Protestors Find A Hero in Elnaz Rekabi
Iranian rock climber Elnaz Rekabi competed in the final day of the Asian Championships in Seoul on Sunday without wearing a headscarf, a violation of the Islamic Republic’s strict dress code that requires female athletes representing the county abroad to wear a hijab. Pictures and videos exploded across social media and hundreds of people lined the streets to welcome her back to Iran following the competition, chanting “Elnaz the hero.” Shortly before her return, Rekabi wrote on social media that she had “unintentionally” competed without a headscarf and apologized for “getting everybody worried.” The head of Iran’s National Olympic Committee has stated that there is no punishment forthcoming for Rekabi, but rights groups believe she is being held against her will and that her confession was made under duress. The Iranian government has a history of forcing activists to make coerced confessions.
UN Reports Detail Sexual Violence in Ukraine and Haiti
The United Nations released two reports this week which document the alarming use of sexual violence by armed groups in Ukraine and Port-au-Prince, Haiti. The Ukraine report, conducted by the Independent International Commission of Inquiry on Ukraine, examined war crimes and violations of human rights and international humanitarian law in four regions of Ukraine between late February and March 2022. Investigators found numerous instances of rape and other forms of sexual violence committed by Russian armed forces, with victims ranging from four to eighty-years-old. The Port-au-Prince report, jointly written by the United Nations Office in Haiti and the Office of the United Nations High Commissioner for Human Rights, is focused on the use of sexual violence by armed gangs to “instill fear, punish, subjugate and inflict pain on the local population.” In both reports, investigators emphasize the need for medical and psychological resources for victims and additional accountability measures.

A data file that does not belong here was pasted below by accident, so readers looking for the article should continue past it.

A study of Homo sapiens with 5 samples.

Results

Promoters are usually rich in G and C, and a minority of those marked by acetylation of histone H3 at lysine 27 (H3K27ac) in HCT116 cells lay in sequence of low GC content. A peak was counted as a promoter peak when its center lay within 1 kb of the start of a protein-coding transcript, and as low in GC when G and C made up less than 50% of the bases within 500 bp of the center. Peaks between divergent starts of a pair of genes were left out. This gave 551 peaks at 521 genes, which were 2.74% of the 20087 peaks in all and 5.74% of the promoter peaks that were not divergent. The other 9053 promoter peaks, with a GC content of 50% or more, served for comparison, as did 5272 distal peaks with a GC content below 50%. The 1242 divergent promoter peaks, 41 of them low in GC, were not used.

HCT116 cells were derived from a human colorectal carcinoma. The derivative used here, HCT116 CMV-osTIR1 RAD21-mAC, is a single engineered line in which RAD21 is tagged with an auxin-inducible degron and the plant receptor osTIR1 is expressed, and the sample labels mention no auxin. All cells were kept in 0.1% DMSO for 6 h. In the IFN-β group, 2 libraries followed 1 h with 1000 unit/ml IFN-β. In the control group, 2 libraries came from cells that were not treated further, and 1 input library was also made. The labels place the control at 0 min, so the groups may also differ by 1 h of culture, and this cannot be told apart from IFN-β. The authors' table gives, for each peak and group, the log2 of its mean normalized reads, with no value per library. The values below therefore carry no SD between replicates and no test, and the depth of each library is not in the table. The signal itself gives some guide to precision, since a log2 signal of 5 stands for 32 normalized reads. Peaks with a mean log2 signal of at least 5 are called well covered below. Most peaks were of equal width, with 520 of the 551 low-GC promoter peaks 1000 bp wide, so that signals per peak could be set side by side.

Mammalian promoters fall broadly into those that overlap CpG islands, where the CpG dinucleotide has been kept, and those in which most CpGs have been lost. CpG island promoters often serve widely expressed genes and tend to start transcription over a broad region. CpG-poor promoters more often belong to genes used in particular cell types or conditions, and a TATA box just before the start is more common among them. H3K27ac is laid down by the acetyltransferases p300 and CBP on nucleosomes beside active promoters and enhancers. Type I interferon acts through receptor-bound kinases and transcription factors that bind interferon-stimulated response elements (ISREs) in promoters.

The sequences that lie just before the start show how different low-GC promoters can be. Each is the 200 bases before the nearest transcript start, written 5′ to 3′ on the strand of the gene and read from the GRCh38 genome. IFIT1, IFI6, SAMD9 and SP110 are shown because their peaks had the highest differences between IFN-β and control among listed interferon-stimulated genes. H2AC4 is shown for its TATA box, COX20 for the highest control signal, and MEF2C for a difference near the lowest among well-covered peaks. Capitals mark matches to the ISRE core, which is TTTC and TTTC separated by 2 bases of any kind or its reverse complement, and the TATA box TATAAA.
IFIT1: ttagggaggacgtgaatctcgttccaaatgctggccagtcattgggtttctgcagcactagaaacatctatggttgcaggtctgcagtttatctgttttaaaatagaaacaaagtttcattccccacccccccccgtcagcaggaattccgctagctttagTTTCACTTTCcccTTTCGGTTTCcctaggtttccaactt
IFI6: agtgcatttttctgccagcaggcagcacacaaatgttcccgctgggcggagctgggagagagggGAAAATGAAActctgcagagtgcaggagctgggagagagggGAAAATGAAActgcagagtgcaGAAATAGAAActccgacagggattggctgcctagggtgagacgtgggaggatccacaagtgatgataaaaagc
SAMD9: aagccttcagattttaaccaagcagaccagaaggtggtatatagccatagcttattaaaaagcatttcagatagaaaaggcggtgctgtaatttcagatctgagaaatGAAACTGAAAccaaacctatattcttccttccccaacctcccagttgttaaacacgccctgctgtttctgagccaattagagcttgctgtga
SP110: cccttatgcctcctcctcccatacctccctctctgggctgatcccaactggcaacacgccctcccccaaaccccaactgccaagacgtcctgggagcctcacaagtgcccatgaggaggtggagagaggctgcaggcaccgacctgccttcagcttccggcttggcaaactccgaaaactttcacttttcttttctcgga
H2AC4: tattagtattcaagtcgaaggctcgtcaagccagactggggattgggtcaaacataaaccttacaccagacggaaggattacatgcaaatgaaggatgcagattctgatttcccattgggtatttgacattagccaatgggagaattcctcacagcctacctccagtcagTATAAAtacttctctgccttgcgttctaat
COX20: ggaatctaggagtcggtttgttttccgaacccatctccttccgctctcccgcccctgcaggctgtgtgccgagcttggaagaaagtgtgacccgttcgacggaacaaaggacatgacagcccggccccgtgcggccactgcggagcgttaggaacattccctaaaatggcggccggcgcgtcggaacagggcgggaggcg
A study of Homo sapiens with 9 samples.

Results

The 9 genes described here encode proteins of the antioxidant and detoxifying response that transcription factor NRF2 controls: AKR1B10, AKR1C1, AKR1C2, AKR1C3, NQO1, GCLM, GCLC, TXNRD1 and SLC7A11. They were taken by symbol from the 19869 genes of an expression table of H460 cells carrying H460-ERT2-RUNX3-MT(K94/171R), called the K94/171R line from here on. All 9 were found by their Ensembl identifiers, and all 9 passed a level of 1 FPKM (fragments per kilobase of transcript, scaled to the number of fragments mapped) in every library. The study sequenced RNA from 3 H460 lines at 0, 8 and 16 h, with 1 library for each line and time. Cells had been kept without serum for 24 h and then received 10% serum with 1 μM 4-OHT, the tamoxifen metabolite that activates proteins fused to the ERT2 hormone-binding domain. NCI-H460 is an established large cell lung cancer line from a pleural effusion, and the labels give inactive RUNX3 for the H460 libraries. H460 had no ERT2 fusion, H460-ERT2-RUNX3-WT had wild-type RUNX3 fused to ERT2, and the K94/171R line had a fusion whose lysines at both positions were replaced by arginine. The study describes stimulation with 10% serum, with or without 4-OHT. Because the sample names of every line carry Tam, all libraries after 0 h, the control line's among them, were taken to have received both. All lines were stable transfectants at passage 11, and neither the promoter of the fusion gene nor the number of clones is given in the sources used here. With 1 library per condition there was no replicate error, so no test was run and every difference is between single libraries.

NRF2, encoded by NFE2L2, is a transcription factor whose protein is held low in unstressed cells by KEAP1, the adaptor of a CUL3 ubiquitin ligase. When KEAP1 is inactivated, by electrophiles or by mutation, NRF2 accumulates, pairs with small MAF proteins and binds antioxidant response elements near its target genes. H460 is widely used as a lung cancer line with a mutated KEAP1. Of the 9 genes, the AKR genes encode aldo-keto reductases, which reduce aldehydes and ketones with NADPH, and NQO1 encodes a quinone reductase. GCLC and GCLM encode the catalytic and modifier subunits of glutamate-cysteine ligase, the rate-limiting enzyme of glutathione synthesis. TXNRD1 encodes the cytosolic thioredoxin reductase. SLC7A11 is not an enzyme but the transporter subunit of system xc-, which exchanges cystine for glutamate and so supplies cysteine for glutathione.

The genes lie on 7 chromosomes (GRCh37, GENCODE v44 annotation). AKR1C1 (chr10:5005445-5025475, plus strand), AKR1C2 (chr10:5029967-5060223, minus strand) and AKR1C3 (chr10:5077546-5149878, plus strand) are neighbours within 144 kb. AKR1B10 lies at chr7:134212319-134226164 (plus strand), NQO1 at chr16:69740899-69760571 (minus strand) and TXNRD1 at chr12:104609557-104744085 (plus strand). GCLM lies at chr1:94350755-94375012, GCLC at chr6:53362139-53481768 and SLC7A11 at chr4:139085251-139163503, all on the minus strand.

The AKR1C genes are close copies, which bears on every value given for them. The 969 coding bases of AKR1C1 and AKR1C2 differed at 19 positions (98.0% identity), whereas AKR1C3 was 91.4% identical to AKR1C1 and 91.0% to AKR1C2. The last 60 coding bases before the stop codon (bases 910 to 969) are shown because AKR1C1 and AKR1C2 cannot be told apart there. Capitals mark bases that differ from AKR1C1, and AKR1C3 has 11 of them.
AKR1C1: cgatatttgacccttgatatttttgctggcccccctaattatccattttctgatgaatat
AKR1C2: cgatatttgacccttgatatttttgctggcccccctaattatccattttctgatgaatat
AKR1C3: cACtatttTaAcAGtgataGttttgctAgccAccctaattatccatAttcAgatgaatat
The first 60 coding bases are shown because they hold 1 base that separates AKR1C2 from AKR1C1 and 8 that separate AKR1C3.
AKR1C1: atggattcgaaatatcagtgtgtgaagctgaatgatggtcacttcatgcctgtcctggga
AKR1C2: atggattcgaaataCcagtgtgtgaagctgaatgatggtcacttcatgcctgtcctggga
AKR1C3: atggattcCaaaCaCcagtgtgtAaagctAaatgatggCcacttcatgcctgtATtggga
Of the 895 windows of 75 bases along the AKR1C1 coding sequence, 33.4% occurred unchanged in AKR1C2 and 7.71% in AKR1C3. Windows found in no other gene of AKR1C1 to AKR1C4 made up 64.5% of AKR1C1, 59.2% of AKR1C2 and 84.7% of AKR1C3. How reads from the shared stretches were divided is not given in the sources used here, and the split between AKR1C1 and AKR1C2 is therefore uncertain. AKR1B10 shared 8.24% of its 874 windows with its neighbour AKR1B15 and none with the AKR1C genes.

Sweden Abandons Feminist Foreign Policy
Sweden’s newly elected right-wing government announced that the country has terminated its “feminist foreign policy” agenda. Created in 2014 and championed by then Foreign Minister Margot Wallström, the policy explicitly placed the promotion of gender equality and women’s rights at the center of Sweden’s diplomatic agenda. It was the first of its kind in the world. In the years since, multiple countries have followed Sweden’s example, adopting policies similarly crafted around gender equality. Foreign Minister Tobias Billström made assurances that the government will still hold gender equality as a “core value,” but argued that, “labels on things have a tendency to cover up the content.” Information about the policy has already been removed from government platforms.
Caroline Kapp is a research associate working with the Women and Foreign Policy program at the Council on Foreign Relations.